Thanks to the 80s throwback hit Stranger Things there has been somewhat of a Winonaissance lately. Winona Ryder hasn’t stopped working since she was the ultimate It-Icon of the 80s and 90s but it’s her turn as Joyce Byres in the Spielbergian-esque sci-fi show that has introduced a whole load of Millenials to the star along with lots of Gen Xers whose love for Winona has never waned.
Ryder on doing Heathers for $1
The part of Veronica in the deliciously dark Heathers (1988) resonated so much with Winona due to her own experience in high-school, i.e. teenagers being assholes, that the movie’s producer Denise Di Novi recalls the young actress pleading in her office, “I’ll do the script just for $1. I’ll do anything, I don’t care how much you pay me.” In an interview with The Face in 1989 Winona said “it wasn’t a question of wanting to or thinking I should, it was a case of nobody understands this like I do.”
Ryder on Revenge on a Childhood Bully
“I was wearing an old Salvation Army–shop boy’s suit. I had a hall pass, so I went to the [girls’] bathroom. I heard people saying, “Hey, faggot!” They slammed my head into a locker. I fell to the ground and they started to kick the shit out of me. I had to have stitches. The school kicked me out, not the bullies. Years later, I went to a coffee shop in Petaluma, and I ran into one of the girls who’d kicked me, and she said, “Winona, Winona, can I have your autograph?” and I said, ‘Do you remember me? I went to Kenilworth. Remember how, in seventh grade, you beat up that kid?’ and she said, ‘Kind of,’ and I said, ‘That was me. Go fuck yourself!'” Bazaar U.K. interview, August 2000.
Ryder on Ryan’s Daughter
Not many young actresses would use Ryan’s Daughter (1970) as a point of reference. However it seems Sarah Miles‘ performance inspired Winona to act. Set in 1915 in an isolated Irish village in Kerry, Rosy Ryan (Miles) has an affair with a British officer to escape her dull marriage. The villagers find out – big disaster. “She bowled me over in that, and everything I’ve seen her in. I think she’s one of the most beautiful women in the world too,” Winona Ryder: The Biography by Nigel Goodall.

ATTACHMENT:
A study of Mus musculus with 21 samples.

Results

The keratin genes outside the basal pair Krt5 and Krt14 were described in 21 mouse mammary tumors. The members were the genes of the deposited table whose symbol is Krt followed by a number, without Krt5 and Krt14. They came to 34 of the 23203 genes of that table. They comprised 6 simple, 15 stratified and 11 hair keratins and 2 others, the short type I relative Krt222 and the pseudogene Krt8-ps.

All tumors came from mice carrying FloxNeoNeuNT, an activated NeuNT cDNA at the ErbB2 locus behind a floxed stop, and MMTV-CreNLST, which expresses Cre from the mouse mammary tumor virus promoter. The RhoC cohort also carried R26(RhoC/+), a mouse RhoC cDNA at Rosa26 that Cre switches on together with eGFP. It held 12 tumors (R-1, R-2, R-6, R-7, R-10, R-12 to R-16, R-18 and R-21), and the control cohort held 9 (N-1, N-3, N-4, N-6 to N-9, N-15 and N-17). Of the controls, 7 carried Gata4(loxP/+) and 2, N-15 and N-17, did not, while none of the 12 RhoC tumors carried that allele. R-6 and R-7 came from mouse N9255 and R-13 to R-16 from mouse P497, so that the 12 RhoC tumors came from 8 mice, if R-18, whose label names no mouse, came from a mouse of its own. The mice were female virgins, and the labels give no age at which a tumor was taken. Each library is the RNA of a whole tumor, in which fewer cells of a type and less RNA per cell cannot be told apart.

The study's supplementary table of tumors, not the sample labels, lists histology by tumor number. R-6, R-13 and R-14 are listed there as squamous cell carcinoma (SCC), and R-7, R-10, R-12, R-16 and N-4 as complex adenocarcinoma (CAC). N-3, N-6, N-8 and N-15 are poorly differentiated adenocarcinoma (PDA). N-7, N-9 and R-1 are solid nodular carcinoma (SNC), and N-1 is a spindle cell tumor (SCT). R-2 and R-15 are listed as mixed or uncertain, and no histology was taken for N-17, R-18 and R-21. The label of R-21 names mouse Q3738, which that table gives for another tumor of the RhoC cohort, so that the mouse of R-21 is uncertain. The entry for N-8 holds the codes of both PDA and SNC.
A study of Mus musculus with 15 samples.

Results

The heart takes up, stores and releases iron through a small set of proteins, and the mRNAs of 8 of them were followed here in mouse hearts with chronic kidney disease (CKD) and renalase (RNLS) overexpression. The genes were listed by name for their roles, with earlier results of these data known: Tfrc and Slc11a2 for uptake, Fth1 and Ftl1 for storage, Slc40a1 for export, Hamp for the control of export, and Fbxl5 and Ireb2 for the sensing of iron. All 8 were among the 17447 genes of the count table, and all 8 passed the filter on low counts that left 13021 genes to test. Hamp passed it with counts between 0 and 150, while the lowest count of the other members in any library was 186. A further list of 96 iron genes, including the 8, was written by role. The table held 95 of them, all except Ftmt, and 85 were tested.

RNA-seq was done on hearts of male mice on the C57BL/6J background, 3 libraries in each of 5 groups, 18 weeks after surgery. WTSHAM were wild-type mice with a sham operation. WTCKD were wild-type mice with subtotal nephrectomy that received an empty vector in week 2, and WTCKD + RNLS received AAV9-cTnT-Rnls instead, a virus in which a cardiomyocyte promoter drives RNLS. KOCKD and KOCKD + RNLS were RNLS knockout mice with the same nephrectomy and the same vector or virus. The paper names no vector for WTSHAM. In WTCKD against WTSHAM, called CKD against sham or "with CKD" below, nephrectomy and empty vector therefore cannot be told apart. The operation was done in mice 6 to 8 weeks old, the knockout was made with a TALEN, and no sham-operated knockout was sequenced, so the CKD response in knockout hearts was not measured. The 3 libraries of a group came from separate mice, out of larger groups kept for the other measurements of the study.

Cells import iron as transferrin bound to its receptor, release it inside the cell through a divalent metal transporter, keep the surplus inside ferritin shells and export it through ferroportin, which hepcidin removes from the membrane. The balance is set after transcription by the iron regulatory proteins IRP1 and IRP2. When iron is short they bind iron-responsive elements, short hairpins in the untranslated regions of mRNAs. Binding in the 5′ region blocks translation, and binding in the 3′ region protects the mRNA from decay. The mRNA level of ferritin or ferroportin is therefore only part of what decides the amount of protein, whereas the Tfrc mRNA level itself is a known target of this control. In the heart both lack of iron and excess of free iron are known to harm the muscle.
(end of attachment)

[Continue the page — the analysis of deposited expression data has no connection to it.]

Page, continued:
Ryder and the Disappearance of Polly Klass
One of Winona’s treasured books is a copy of Little Women where inside the front cover are the words: ‘this book belongs to polly klaas.’ Klass was a 12-year-old girl who in 1993 was kidnapped from her mother’s home in Petaluma, California. Winona had spent part of her own childhood there and offered a $200,000 reward for the return of the missing child. She attended searches, manned phones and helped the Klaas family but after a lengthy search the killer was caught and sentenced to death. In memoriam, Winona saw to it that Polly’s favorite book was made into a movie and she remains a staunch supporter of the Polly Klaas Foundation.
Ryder and Daniel Day-Lewis
1993 saw Winona given her first Oscar nomination for her role alongside Wicklow resident, Daniel Day-Lewis in Martin Scorsese’s The Age of Innocence. “I was so taken aback that I was cast,” she has said. “It was like a dream.” She would go on to star opposite three-time Oscar winner Day-Lewis, one of the most acclaimed actors of all time, reuniting with him on 1996’s The Crucible, and appearing in 2009’s The Private Lives of Pippa Lee, directed by his wife Rebecca Miller, daughter of the playwright Arthur Miller.
Ryder on Bram Stoker’s Dracula
After collapsing due to exhaustion during a costume fitting for Francis Ford Coppola’s The Godfather: Part III (1990) Winona had to drop out of the project – doctor’s orders. She had wanted to work with Coppola so bad that she pitched a script to him titled “Dracula: The Untold Story.” According to Coppola, much of the cast for Bram Stoker’s Dracula (1992) was assembled as Winona’s “dream cast.”
Ryder on Black Swan
Winona appeared in the Darren Aronofsky’s Black Swan (2010) as an aging ballerina who is being cast aside and replaced by a younger dancer (Natalie Portman, who won the Oscar for Best Actress). A case of art imitating life in a metaphor for the mercilessness of the filmmaking machine. Ryder’s cameo was a total scene-stealer and Portman lauded her in an interview saying, “it was just an honor to watch her work and I hope I get another chance.”